Virginia Lawyers Weekly
Marital debt should not be divided equally
By Alan Cooper
Published: April 20, 2010
When the General Assembly enacted equitable distribution in 1982 as the mechanism for dividing the property of divorcing spouses, it created a presumption that property acquired during the marriage is marital – the property of both spouses.
The legislature created no such presumption for debts acquired during the marriage.
The case of Gilliam v. McGrady (VLW 010-6-052) illustrates the reason for treating property and debt differently, according to Senior Justice Charles S. Russell.
Louis B. Gilliam and Arthur L. McGrady were married in 1990 and separated in 2005.
In 2000, McGrady formed a painting business and operated it until 2004. He was responsible for running the business and had sole authority to write checks for it.
In the first year of the business, Gilliam became aware that McGrady was not paying payroll taxes to the Internal Revenue Service. From that year on, Gilliam filed separate income tax returns.
She told him that McGrady that must pay the taxes, but he responded that he couldn’t afford to pay them and that she had no business sense.
The business took in about $214,000 while it was in existence, and McGrady transferred about $53,350 to Gilliam’s checking account for household expenses. He testified that he also had paid household expenses directly out of the business account.
By October 2006, McGrady owed more than $118,000 in payroll taxes, penalties and interest.
Albemarle County Circuit Judge Cheryl V. Higgins ruled that both parties had benefited from the nonpayment of taxes and that McGrady had the burden of showing how and why the debt was incurred.
Higgins ordered McGrady to pay 65 percent of the penalties and interest but divided the principal amount of the taxes due equally between the parties.
A panel of the Virginia Court of Appeals affirmed Higgins’ holding on the burden of proof, although it acknowledged that Virginia Code § 20-107 creates a presumption for the treatment of property but not debt. “[W]e see no principled reason why the presumption should not apply to debt acquired during the marriage,” the panel said. “Property and debt are both components of an equitable distribution award.”
Writing for a unanimous Supreme Court, Russell said, however, a presumption on debt would interfere with the legislative goad of arriving “at a fair and equitable monetary award.”
In this case, he said, “The wife had no knowledge of the business affairs of Premier Painting and no means of controlling its non-payment of taxes. Far from condoning or encouraging the husband’s failure to pay them, she insisted that they be paid as soon as she became aware of the situation and immediately began filing separate income tax returns.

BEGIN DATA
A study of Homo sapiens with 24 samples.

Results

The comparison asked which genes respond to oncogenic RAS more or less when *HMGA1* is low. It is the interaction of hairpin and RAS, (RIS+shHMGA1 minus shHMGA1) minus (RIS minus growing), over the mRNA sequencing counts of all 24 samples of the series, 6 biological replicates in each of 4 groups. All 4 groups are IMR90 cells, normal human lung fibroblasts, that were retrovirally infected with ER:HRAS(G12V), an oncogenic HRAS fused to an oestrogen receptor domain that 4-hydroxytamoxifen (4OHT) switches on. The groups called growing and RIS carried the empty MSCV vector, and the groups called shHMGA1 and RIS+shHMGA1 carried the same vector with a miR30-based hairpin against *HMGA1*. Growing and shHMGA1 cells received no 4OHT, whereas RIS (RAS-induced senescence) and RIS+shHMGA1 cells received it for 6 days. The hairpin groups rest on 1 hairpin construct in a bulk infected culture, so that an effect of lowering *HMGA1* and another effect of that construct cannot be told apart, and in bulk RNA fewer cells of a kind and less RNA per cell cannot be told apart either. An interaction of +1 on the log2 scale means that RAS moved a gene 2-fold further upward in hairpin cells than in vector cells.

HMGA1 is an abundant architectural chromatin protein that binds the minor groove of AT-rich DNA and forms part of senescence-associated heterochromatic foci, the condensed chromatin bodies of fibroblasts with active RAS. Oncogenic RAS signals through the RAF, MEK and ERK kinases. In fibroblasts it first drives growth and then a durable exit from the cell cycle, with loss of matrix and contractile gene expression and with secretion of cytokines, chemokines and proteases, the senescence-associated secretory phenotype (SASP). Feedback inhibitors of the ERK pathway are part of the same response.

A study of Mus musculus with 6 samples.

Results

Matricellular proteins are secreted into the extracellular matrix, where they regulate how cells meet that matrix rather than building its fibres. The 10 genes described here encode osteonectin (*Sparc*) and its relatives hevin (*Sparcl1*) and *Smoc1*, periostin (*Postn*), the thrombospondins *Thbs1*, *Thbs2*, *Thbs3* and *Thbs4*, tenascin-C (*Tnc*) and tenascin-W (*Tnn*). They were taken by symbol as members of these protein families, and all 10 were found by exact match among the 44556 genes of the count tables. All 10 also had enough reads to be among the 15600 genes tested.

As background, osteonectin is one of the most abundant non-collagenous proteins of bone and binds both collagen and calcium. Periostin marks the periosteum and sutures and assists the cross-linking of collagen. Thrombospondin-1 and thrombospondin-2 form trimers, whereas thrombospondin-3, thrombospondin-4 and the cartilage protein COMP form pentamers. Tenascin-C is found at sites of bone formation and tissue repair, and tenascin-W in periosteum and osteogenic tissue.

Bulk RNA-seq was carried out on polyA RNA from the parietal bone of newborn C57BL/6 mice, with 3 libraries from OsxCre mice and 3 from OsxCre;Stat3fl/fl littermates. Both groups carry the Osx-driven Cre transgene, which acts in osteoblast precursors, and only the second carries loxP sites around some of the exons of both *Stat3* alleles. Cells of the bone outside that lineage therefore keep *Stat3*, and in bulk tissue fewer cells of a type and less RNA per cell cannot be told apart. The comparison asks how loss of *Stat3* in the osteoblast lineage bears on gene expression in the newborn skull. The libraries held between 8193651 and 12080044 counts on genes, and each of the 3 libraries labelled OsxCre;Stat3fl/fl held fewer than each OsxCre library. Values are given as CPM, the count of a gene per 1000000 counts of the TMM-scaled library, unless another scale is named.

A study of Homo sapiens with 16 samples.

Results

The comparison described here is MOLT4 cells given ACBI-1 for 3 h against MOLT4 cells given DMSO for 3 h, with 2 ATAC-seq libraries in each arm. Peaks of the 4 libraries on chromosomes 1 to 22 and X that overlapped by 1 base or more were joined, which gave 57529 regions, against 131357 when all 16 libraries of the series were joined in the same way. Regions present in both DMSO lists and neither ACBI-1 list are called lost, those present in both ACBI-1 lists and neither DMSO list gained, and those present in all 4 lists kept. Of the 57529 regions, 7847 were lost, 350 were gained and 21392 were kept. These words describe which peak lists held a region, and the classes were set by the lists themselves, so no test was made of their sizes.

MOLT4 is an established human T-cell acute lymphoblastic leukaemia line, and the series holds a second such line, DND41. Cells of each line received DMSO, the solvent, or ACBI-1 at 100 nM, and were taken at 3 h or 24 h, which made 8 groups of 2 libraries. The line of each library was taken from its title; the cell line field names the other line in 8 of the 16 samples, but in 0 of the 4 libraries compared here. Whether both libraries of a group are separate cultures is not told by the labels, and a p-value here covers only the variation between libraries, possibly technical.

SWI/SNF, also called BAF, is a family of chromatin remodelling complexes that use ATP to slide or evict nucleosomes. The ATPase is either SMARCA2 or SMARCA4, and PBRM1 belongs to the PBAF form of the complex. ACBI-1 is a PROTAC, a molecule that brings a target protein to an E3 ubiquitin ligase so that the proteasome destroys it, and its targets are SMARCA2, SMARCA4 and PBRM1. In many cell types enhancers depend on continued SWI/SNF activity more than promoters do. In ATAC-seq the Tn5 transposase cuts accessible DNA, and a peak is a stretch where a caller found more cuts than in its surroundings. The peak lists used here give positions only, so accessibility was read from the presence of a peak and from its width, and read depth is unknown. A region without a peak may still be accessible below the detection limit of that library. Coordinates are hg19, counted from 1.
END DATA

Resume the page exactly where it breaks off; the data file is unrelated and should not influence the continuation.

“Because the husband kept his business affairs secret from her, she had no way of knowing the extent to which the husband’s failure to pay taxes may have benefited the family’s finances, if at all,” Russell wrote. “As the circuit court found, there was no specific evidence of where the money went that had been obtained from the husband’s non-payment of taxes.”
In the absence of a presumption, “traditional rules concerning the allocation of the burden of proof apply.”
A party seeking to prove a debt was jointly incurred has the burden of showing that the debt is martial and shifting to the other party the burden of persuading the court that the debt was separate, Russell said.
On the other hand, the party seeking to prove that a debt was incurred by the other spouse has to make a prima facie case that the debt was separate in order to shift the burden of persuading the court that it was marital.
The decision caught family law practitioners off guard, even though they acknowledged the correctness of Russell’s analysis.
“My e-mail traffic lit up Thursday afternoon” (April 15), the day the decision came down, said Cheshire I’Anson Eveleigh, chair of the Virginia Family Law Coalition.
Eveleigh said family law practitioners traditionally have used the same analytical tools for allocating assets and debts.
The approach has the appeal of surface logic and consistency, she said. Practitioners approached a divorce with the idea of two separate trials, one for issues of custody and the other to allocate the couple’s resources – or lack of them.
Now, the different allocations of proof may well require three trials, she said. The ultimate result may be the same as it is under the approach lawyers and trial courts have been using, she said. “It’s just going to take longer to get there. It’s going to take up more of the court’s time, I believe” as judges may become more involved “in the minutia of who charged what on the credit card.”
Lawrence D. Diehl, the Chesterfield County lawyer who helped draft the statute, said even though Russell “correctly analyzed the words and terms set forth in the statute,” the practice of lawyers and the decision of the Court of Appeals may better reflect the overall intent of the law.
A legislative fix might be in order, he said, and Eveleigh said that possibility certainly will come up before the coalition shortly, although she would not predict what position it might take.
Joseph A. Condo, a family law specialist in McLean, said he understands the concerns of Diehl and Eveleigh about more work for judges and lawyers.
But Russell’s decision is “a fair result. If this is what is necessary to reach a fair result, then we’ll have to do what we have to do.”
Charlottesville lawyer Francis L. Buck represented Gilliam. McGrady was unrepresented in the appellate courts.